HAD GEORGIA Tech known ahead of time what it was dealing with, it may have changed its mind. How was it supposed to know getting into a fight with Joe Buzas was a bad idea?

A conference call is scheduled for tomorrow, involving attorneys for Georgia Tech, the Salt Lake Buzz and Buzas. At issue is the use of the Buzz nickname. Georgia Tech, which goes by the nickname "Yellow Jackets," says Buzz is the legal name of its mascot. Buzas, owner of the Salt Lake Buzz, likes to quote another famous Georgian, Rhett Butler - he doesn't give a damn."I never backed down to anybody. I think I can beat anybody up," he says.

Truth is, Buzas didn't get to be owner of 82 minor league franchises over the last 42 years by being a nice guy all the time. Riling him up is like putting poison ivy in your underwear. He's that irritating. In more than five decades in baseball, he has done almost everything, and what he hasn't done, he's at least seen. He's played on the major league level, managed and owned minor league teams. He's fielded lawsuits, fought off threats, entertained stars and dignitaries of all sorts. Karl Malone asks him for business advice. Robert Urich visits his luxury suite.

So naturally, when Georgia Tech threatened last year to sue the Buzz over its name, Buzas didn't exactly get the shakes; he got cantankerous. He was shocked, insulted, outraged and generally put off. Asked about the litigation, he handled it like anyone who has ever kicked dirt on an umpire.

"S---- it," he said. "I'm gonna fight it."

Since last year, not much has changed. Georgia Tech still thinks Buzas stole its idea, and Buzas still thinks he has a nickname that complements the team, the city and, of course, his pocketbook. Buzz merchandise is a strong seller, and if you ask Buzas, it's outselling similar Georgia Tech merchandise - even in Georgia.

"That name is imbedded in me and in the community and the state. Why should I give up without a fight?" he says. "I'm not going to back down. They say it's copyrighted. Bull. Where does it say I can't change my name to Smith? How many Smiths are there out there?"

Buzas isn't a neophyte when it comes to controversy. When he owned the Portland Beavers, he fought the city over concessions rights, upgrading the stadium and pretty much anything else he or the city could think of to fight over. One year he learned four days before his team returned from a road trip that the stadium had been rented to the Blazers for a summer league basketball game. The Beavers ended up playing the homestand in Spokane. The next time he saw the Blazers' official who had scheduled the event, Buzas said, "I ought to deck you right here."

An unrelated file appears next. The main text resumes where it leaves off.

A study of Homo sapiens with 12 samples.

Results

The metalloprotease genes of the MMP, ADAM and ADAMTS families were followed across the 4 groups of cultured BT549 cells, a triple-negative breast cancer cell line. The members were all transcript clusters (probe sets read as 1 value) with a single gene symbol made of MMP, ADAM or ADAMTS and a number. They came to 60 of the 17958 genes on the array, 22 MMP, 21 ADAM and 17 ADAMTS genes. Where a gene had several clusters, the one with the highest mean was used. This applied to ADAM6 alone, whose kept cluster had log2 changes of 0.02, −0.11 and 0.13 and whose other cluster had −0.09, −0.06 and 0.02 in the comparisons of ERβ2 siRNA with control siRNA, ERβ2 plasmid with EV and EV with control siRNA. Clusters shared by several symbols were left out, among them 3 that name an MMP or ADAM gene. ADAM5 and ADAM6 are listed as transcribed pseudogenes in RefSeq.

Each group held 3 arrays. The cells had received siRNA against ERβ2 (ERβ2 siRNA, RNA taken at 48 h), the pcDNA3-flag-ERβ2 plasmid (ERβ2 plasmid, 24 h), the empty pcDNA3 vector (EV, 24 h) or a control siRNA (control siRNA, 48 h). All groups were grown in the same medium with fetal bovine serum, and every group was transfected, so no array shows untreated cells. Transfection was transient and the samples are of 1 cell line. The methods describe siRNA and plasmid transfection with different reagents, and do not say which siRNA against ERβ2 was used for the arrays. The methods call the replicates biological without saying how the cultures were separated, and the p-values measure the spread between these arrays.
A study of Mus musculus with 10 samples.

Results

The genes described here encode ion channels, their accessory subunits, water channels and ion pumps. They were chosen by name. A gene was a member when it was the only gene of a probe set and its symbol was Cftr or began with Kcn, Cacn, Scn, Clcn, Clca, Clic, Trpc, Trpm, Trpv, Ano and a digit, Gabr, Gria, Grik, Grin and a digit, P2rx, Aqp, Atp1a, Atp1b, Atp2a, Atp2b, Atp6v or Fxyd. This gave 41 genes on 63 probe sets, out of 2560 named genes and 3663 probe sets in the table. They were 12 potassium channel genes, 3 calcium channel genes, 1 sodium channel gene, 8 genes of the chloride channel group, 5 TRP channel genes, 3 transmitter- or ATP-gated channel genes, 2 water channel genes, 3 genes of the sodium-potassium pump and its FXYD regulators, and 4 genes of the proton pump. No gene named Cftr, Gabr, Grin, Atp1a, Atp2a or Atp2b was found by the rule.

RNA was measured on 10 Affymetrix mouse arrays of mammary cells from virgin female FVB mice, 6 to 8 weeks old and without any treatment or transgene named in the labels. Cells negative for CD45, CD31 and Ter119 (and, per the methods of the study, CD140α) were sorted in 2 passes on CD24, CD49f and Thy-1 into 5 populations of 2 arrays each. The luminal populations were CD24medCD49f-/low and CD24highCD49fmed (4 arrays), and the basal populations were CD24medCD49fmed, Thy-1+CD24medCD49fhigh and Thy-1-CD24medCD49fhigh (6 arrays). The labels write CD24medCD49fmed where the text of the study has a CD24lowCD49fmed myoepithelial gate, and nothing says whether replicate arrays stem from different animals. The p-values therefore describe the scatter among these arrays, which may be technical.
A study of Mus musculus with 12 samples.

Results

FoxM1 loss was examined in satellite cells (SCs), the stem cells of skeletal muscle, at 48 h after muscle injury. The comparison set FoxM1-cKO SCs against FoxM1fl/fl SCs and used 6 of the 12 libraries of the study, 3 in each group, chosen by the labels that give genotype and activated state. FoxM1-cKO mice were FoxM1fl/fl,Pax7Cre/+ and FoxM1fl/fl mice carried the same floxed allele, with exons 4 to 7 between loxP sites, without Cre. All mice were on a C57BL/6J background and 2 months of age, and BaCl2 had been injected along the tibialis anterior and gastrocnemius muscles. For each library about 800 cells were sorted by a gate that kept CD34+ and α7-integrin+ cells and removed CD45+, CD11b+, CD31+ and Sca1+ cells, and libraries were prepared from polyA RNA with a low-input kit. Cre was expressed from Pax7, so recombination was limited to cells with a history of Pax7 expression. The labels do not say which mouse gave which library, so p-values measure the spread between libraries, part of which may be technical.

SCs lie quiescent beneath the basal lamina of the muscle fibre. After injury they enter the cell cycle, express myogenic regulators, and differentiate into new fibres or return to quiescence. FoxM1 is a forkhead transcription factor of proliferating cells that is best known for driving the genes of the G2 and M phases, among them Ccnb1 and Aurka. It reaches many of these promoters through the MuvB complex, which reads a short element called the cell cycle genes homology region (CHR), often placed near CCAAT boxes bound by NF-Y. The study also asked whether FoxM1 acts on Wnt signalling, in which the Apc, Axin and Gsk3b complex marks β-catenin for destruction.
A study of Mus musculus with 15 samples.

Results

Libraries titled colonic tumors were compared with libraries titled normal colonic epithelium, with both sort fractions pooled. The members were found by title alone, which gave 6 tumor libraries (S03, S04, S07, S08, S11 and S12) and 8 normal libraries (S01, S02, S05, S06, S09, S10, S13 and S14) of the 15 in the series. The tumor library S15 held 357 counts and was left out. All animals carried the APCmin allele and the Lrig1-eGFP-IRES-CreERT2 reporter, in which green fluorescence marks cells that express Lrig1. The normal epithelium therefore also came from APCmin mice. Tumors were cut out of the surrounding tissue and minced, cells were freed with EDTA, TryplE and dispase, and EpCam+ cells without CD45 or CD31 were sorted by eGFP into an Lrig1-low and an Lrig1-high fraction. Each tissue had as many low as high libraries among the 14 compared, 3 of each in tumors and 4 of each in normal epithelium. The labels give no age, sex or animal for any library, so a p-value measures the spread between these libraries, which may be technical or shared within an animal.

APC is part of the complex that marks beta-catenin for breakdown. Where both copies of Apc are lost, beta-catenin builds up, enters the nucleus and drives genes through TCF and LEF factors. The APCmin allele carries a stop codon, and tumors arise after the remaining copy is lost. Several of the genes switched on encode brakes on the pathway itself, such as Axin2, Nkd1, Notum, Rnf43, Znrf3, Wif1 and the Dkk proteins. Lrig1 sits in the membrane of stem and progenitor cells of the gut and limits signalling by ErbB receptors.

Finally, Buzas took his act and headed south. If Portland wasn't willing to pony up the money to get the stadium upgraded, he'd go to Salt Lake, where they were they were promising to build it if he would come. They did, and he did.

This is a guy who, managing in Puerto Rico, became so agitated over a call that he ripped off his shirt and threw it at the umpire. He was suspended the final two weeks of the season. He's also the guy who as a college boxer at Bucknell won three of his four career fights.

"And I didn't lose the fourth one, either," he says. "He never touched me."

You get the idea. Even when he loses, Buzas doesn't lose.

Combativeness aside, he is also also a shrewd businessman. He once bought a team in Reading, Pa., for $1 - the franchise was losing money - and sold it a decade later for $1 million. Even Bill Gates might like to know how to get a million-percent return.

Buzas' philosophy is you don't give away too much of your product for free. That's why you don't often see free Buzz tickets available at the service desk of any grocery store. It's also why you won't find an attendance of, say, 8,000, when 5,000 of them were giveaways.

So maybe Buzas will lose, and the Salt Lake Buzz will be no more. By this time next year, it could be the Salt Lake Saints, Wasps, Wolves, Mountaineers, Snowbirds or even Lionzz, Tigerzz or Bearzz. Just to bother the people at Georgia Tech, he may call them the Yellow Jacketzz. He might end up losing, but don't count on him quitting. Georgia Tech chose the wrong ex-fighter to pick a fight with.